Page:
The Forest of Hands and Teeth
First Line: My mother used to tell me about the ocean.
Carrie Ryan’s The Forest of Hands and Teeth is a post-apocalyptic bildungsroman…with zombies. Mary is teen living in an a village surrounded by the titular forest. The world as we know it is gone as an unexplained event has given birth to the Unconsecrated (zombies) and hordes of undead seemed to have caused society to collapse. Mary’s village has no contact outside the fence the protects its borders and whose values and knowledge are dictated by a stern and religious order of Sisters. A series of events unfold and the fences are breached sending Mary and a handful of others on the run towards the desperate dream of the ocean; only half-remembered by Mary through stories her mother used to tell.
I’ll say this before I go on, since talking at length about this novel is difficult to do without some spoilers, if you’re looking for a taught, tense, and chilling tale of growing up in isolation with the constant threat of death (death that might wear a familiar face) beating on a thin fence every day then The Forest of Hands and Teeth is a novel worth checking out.
The thing I love about post-apocalyptic novels (or media of any kind), particularly ones set long after the apocalyptic event, is the sense of discovery. Even if it isn’t central to what is going on in the story there is a sense of mystery to everything the read sees. There is a sudden transformation of the mundane into the magical. In The Forest of Hands and Teeth that sensation comes across strongest when the group discovers another village overrun by zombies. I won’t go into details but the small tidbits we get are haunting; an effect magnified by the strong reaction Mary has to her own discoveries while there. The same sensation is felt during Mary’s exploration beneath the Church and during the groups’ trek beyond the bounds of the village. For me a post-apocalyptic novel lives or dies by those moments, those brief flashes of insight that illuminate but don’t necessarily explain, and it is an area in which The Forest of Hands and Teeth excels.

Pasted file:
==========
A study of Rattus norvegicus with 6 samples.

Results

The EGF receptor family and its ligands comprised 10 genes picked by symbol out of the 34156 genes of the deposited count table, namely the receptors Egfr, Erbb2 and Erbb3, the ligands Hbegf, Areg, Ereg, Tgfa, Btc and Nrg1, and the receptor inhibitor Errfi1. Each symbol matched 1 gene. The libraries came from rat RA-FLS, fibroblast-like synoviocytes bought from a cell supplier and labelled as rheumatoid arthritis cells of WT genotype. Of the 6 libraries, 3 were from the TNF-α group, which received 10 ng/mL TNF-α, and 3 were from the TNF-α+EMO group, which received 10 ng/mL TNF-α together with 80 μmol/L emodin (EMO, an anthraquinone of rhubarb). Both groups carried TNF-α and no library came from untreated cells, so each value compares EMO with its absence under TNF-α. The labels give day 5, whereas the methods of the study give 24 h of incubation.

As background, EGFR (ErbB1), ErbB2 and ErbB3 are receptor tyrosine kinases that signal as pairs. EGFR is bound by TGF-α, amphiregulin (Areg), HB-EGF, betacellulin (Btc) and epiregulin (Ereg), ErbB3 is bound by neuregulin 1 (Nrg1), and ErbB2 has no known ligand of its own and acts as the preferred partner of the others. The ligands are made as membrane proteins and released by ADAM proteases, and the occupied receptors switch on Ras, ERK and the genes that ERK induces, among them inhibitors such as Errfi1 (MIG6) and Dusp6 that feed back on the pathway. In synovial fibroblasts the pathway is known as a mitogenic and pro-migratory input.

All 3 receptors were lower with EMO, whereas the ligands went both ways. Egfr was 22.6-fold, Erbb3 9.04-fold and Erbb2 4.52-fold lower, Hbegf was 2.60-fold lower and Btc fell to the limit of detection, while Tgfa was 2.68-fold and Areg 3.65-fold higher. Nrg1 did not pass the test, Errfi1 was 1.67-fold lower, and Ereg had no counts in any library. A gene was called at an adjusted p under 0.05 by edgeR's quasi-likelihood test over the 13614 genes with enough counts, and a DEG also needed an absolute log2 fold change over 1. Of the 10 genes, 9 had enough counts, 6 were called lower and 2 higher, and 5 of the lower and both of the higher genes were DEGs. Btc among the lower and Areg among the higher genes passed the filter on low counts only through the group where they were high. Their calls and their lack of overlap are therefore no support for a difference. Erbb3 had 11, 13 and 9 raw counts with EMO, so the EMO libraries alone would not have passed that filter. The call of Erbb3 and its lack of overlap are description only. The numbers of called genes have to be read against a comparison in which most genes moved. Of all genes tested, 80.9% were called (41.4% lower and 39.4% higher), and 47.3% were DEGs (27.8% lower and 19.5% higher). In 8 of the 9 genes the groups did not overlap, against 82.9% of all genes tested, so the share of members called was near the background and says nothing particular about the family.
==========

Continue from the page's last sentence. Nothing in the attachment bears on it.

Ryan also does an excellent job of combining a rather disparate and varied number of elements from different genres into a cohesive whole. The Forest of Hands and Teeth is, as I mentioned, a bildungsroman but mashed together with a post-apocalyptic survival horror romance. At first glance these genres shouldn’t sit so well together but the tension of Mary’s family life and her anxiety about her future feeds into the tension generated by the more tangible threat of the unconsecrated letting both those elements feed into one another creating an atmosphere thrumming with unease and disquiet. That atmosphere, combined with the religious underpinnings of society and the emphasis placed on procreation, called to mind Atwood’s The Handmaid’s Tale which, though different in plot details, is also about a young woman growing up in an isolationist society cast off from the remnants of our world and escaping towards a better place.
The Forest of Hands and Teeth is a very mature young adult novel that readers both old and young will likely find enjoyable. While the romantic elements of the story had a bit of a melodramatic flair Ryan does a nice job balancing the hormone-heavy nature of your average teenage relationship with somewhat more adult perspective a survival society might produce. The sequel, The Dead Tossed Waves, is available now and I fully expect to work into the reading stack sometime soon.